Hilo mural with armed hula dancer painted over amid complaints

HILO, BIG ISLAND (HawaiiNewsNow) - A mural meant to celebrate this year's Merrie Monarch Festival has instead created a conflict between artistic expression and sensitivity about gun violence in America.

Organizers say several artists flew in to Hilo to help complete the painting, which can be found on the wall of a furniture store downtown. The mural depicts a hula dancer – which, given the mural's celebratory intent, is not unusual.

What is unusual about the painting is that the dancer depicted is holding an AK-47 assault rifle, a scene meant to symbolize hula and music as weapons that help keep the Hawaiian culture alive.

The message, it seems, did not sit well with everyone; about a third of the way through their work, the artists said they were were visited by a representative from the Hawaii County mayor's office.

"I talked to the owner first, and I told her 'I just want you to know this is your business. It's your right to do whatever you want with your wall,'" said Mayor Harry Kim. "But I just want you to know the number of calls I'm getting regards to concerns about the taste of what is being done."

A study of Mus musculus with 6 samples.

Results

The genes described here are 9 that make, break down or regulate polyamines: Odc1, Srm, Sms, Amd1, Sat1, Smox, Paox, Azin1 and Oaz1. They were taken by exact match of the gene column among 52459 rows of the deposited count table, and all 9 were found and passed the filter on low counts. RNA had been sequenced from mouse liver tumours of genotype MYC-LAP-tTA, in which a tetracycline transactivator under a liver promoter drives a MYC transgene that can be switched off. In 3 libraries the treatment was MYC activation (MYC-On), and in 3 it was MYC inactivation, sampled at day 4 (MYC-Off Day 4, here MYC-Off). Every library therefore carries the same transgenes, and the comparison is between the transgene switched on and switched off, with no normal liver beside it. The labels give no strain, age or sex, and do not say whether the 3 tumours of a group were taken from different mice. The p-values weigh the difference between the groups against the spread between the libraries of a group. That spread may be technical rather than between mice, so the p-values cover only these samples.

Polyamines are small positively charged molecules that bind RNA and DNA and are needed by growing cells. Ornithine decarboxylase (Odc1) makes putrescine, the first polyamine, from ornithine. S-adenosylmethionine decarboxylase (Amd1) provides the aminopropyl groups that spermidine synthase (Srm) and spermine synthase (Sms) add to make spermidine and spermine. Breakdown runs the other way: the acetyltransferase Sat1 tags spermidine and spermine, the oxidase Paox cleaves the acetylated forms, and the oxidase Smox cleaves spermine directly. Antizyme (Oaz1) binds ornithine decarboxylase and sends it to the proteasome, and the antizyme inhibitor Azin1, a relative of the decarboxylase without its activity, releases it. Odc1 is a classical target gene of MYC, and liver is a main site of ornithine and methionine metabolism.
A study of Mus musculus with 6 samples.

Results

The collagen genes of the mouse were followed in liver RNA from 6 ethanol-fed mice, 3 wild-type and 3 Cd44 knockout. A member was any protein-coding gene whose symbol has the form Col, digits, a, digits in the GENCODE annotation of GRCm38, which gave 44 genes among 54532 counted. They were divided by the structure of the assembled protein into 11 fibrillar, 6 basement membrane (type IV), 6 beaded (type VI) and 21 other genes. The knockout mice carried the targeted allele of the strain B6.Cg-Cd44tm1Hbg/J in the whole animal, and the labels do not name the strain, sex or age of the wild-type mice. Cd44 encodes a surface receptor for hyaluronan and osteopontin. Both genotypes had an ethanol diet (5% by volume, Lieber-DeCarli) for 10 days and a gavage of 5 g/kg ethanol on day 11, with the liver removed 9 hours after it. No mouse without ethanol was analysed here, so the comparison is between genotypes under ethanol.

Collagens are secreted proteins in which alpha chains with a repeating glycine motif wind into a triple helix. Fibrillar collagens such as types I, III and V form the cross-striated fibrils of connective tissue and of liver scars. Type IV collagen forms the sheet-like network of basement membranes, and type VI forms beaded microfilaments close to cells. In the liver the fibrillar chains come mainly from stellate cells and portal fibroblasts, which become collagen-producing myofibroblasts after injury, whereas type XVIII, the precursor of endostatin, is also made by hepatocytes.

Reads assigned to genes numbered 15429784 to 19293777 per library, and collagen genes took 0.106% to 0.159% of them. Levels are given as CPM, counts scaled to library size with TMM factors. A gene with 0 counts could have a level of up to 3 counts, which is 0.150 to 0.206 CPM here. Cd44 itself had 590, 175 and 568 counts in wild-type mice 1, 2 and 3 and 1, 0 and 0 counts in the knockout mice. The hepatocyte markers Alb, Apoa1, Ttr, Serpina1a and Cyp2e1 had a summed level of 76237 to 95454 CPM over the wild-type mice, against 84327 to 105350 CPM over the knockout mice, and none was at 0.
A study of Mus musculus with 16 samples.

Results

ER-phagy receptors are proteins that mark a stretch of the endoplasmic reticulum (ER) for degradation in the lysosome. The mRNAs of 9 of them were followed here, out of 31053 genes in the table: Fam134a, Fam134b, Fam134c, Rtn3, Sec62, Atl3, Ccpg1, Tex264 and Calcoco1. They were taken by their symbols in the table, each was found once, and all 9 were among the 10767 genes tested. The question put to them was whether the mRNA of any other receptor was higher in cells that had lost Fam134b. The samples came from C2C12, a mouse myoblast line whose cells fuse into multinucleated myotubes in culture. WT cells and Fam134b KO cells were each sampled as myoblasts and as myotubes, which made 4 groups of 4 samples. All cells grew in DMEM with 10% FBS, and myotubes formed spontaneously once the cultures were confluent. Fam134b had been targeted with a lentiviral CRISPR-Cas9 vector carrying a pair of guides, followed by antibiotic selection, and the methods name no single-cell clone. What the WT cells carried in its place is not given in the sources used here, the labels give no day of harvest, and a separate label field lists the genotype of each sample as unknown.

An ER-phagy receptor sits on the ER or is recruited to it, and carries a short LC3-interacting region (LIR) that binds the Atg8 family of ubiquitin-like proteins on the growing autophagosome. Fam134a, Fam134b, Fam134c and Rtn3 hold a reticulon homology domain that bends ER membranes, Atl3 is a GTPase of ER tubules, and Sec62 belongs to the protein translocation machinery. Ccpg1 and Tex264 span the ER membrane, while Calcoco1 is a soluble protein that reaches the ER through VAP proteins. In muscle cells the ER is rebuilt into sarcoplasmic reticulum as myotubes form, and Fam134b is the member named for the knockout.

Artist Keoni Payton says shortly after that visit, the owner of the store asked them to get rid of the gun – which he says is key to his message.

"You're trying to force us to think a certain way, to conform, because you don't understand where we're coming from," said Payton. "I feel that it's an infringement on my basic rights of freedom of expression."

The goal of the Merrie Monarch Festival is to celebrate the ideals of King Kalakaua, who sought to revitalize the Hawaiian people and culture by showcasing their native artistry. Muralist Dante Orpilla says he was humbled and honored to be asked by Payton to help with the message.

"The message that it encapsulates is one that's universal: music as our weapon," Orpilla said. "With Merrie Monarch and the hula festival coming into town…It's here to celebrate people being able to keep culture alive throughout times, no matter what," he added.

A giant red block is now painted over the rifle. The artists are now striving to send a new message of censorship.